Ortega y Gasset makes much fuss somewhere speculating that Goethe,

glorious Goethe, mismanaged the project of realizing his selfhood,

that he was one of those "I"'s who aren't truly at one with themselves,

who in construing themselves betray the "I" they could/should have been.

This is as I recall it, though possibly I, who for the greater part of my life

have been involved in an adversarial relation with myself, berating, accusing,

demanding I be someone I'm not, shouldn't be wholly trusted in this:

Ortega may well have meant something entirely else (what, though?).

Anyway, put things in perspective, go back past where it all starts,

past Heraclitus, Hephaestus, Baal, the bacteria-kings, to the inception,

when there were only some dream-strings, then a cosmos stuffed like a couch--

is it likely cosmos could have ever conceived of a butter-inner like "I"?

Or that some maundering "I" would come up with mind, and then words?--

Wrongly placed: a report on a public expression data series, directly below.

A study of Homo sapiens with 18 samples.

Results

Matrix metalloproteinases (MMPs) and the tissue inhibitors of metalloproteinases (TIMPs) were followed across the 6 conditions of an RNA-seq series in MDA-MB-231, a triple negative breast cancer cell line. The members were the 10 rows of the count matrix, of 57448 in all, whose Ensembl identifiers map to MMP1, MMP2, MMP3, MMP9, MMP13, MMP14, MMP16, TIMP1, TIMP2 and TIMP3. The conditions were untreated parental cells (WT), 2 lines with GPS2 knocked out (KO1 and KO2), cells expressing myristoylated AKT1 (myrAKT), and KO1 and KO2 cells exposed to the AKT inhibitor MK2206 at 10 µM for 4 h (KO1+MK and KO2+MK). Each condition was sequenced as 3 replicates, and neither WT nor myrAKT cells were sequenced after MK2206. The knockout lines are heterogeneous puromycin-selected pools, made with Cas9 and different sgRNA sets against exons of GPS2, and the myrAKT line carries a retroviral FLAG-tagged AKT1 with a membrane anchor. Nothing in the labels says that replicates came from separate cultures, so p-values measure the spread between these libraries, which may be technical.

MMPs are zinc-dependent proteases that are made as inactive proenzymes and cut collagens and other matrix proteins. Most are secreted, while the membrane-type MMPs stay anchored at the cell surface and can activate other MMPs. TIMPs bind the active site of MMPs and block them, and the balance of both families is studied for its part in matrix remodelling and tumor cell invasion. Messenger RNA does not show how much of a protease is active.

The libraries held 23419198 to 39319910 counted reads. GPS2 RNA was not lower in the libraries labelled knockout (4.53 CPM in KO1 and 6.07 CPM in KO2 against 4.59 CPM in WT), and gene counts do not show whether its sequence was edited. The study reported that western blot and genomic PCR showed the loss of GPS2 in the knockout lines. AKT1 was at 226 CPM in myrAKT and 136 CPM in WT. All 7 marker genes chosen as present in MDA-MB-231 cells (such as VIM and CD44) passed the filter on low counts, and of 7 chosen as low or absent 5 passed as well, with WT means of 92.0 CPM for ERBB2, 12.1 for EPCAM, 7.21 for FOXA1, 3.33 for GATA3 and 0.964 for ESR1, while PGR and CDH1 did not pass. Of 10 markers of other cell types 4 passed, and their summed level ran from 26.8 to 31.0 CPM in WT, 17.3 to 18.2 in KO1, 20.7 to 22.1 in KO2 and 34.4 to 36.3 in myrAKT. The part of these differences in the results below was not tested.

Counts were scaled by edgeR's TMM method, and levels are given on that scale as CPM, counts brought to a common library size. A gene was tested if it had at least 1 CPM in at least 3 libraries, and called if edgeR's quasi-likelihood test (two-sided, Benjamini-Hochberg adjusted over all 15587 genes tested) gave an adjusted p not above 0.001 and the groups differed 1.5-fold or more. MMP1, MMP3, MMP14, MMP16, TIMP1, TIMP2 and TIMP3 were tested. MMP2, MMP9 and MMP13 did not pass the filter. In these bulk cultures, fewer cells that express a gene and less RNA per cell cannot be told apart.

(oh, the prickling serifs, the barbs)--and that words would be used to test cosmos,

make certain it worked correctly? Could a self-swallowed black-hole

skidding and slipping on gravity's dance-floor have ever dreamt that?

No surprise then that reality, having to know how sadly contingent it was,

would plot vengeance: a "thinker," yes, who'd contrive a cunning conundrum:

an "I" not good enough for its "I", inflicted on the vastest "I" in the stacks.

How could a barely competent, underachieving universe not applaud that?

... Although, as I say and probably should repeat, this might well be all me ...

This poem originally ran in the February 27, 2008, issue of the magazine.